When we woke up, we wrote a message to our Airbnb hosts about the mouse in our room the night before (in the end, they didn't really do anything about it, which was disappointing). After getting ready, we walked for a while into the city to get to a bike tour that was recommended to us by our friend, Patrick, who had visited Amsterdam some years before. Before the bike tour began, we stopped at a nearby sandwich shop for an early lunch.
Amsterdam is very heavily-populated with bikes, and it seems to be the primary way that many people get around the crowded city. So, the bike tour seemed like a great way to experience the city and surrounding area. The tour took a little while to get started as we were waiting for people to arrive and for the bikes to be prepared, but we eventually left with around 15 people and began following our tour guide as she led us through the city.
We biked on many city streets, passing over several of the canals throughout the city. Riding through the city was fairly stressful, especially with a big group, because you always had to be conscious of cars, other bikes, pedestrians, and trolleys. Eventually, we left the main city area and made our way into the countryside. Here, we rode to a windmill, where we learned a bit about how and why they were used.
As we continued past the windmill, we eventually arrived at a very smelly cheese farm. On the farm, we got to see a short demonstration of how they made local cheeses (and learned that farm-made cheese should not be refrigerated) and also got to sample some of the cheeses. In the same building, we saw how they made traditional Dutch wooden shoes that are often used in modern times for gardening. This shoe-making process was interesting to see because they mechanically carved solid blocks of wood using a small metal version of the interior and exterior of the shoe in order to make a copy. After the quick demonstrations, we stopped by the farm's shop, where we bought some delicious smoked Gouda cheese (that Matt has since been devouring).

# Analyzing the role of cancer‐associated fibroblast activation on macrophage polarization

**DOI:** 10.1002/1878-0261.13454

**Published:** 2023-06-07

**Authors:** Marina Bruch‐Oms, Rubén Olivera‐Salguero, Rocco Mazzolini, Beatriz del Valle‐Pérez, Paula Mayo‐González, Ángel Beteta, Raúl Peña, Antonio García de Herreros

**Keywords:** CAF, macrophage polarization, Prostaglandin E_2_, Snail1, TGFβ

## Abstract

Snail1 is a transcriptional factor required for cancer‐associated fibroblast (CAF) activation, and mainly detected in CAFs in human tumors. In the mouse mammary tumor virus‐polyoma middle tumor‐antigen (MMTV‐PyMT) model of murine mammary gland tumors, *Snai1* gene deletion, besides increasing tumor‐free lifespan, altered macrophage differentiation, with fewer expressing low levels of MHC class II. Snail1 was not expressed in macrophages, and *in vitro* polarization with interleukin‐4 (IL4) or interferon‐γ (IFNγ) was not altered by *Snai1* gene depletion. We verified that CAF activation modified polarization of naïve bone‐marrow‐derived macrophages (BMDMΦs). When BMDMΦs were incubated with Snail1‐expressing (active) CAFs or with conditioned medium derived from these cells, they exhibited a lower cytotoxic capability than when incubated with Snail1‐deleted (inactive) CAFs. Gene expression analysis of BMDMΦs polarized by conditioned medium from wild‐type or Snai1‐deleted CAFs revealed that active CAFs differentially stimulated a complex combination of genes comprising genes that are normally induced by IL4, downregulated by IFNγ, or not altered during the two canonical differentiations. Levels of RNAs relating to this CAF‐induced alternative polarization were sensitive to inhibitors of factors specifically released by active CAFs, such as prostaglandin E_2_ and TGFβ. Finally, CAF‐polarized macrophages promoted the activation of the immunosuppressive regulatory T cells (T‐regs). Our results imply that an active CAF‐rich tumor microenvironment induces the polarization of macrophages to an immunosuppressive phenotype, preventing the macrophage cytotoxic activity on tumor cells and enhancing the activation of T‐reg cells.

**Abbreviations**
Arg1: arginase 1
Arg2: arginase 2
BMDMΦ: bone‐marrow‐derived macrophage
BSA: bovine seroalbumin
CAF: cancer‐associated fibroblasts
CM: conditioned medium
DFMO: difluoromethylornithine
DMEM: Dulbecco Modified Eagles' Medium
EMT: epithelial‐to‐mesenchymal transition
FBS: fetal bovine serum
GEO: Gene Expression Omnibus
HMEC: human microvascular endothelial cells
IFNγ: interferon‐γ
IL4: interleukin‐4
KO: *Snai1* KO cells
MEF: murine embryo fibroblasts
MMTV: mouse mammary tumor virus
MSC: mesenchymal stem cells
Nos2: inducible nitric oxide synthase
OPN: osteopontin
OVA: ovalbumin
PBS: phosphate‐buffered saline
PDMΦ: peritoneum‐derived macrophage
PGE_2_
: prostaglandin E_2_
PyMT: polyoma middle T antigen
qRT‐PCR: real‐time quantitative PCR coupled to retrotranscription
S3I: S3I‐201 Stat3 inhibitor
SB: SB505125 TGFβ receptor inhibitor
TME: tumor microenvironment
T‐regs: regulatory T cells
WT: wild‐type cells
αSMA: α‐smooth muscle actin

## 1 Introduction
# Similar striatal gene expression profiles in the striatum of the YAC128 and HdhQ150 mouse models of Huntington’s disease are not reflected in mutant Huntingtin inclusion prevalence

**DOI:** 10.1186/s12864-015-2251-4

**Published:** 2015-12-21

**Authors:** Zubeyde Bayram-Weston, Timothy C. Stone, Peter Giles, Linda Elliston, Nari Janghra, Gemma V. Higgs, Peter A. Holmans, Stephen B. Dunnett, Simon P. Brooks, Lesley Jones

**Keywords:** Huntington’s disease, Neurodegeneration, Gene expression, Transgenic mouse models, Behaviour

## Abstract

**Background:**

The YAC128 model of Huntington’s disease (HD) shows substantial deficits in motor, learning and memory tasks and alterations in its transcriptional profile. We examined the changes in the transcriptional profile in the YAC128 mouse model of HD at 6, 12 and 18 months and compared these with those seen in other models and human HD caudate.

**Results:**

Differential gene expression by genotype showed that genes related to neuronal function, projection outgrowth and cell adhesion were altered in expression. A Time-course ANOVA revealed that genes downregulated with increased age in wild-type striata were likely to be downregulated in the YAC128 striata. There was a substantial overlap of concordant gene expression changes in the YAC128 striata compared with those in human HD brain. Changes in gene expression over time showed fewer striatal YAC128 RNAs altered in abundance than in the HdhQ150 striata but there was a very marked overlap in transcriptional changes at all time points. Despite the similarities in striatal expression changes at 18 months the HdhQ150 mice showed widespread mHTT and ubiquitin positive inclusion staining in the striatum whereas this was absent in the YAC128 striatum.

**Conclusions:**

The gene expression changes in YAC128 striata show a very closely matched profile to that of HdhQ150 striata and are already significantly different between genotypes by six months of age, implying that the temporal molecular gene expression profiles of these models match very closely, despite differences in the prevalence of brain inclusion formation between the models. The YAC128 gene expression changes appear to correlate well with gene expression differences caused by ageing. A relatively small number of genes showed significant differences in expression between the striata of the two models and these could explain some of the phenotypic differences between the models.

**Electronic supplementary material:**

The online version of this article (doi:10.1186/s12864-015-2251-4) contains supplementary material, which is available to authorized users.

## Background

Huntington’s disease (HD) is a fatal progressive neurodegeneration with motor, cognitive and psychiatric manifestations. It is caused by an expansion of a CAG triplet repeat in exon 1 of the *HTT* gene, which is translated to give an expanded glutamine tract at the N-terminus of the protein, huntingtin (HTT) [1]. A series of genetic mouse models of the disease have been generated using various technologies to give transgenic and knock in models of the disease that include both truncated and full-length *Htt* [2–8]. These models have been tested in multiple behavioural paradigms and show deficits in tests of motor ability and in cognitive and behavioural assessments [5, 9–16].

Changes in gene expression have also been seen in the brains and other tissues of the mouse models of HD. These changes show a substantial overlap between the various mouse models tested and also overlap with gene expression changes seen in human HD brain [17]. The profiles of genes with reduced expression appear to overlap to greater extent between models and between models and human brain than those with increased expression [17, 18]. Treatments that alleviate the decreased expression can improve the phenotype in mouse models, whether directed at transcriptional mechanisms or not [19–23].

We continued on the bike tour by riding through several kilometers of countryside, eventually making our way through several large parks. The weather was pretty gouda but windy -- Janelle kept getting blown off-course by the sudden gusts -- for the first three or so hours, but as we started to make our way back toward the city, it started raining very hard. The bike tour company provided ponchos, but no one in the group knew how to wear them properly -- the poncho is supposed to go over the handlebars of the bike -- so our legs got soaked. After raining for a while, it suddenly cleared up entirely and you'd never even know there'd been rain clouds just minutes before.
Eventually, we returned into the city and finished our countryside bike tour in the late afternoon. By this time, we were fairly hungry, so we stopped again for a small, relaxing meal at the same sandwich place that we stopped at earlier in the day.
Next, without much guidance or idea of what to see, we wandered around the area near the bike tour shop, exploring the city. We walked along and passed over several of Amsterdam's canals, which are actually more abundant than those in Venice. For the most part, we just admired the city as a whole, though we spent a little bit of time trying to seek out some of the few landmarks on our city map. We got the feeling that Amsterdam didn't quite have as many monuments or landmarks as some of the other cities we'd visited, but we were still able to appreciate the picturesque views.
After some walking and sitting around, we headed back toward our Airbnb room, picking up a couple small pizzas along the way. Once we got back to our room, we spoke briefly with our hosts, who weren't all that helpful or sympathetic regarding the mouse in our room. Afterwards, we spent a while trying to use the unstable internet connection to plan the next few days before going to sleep.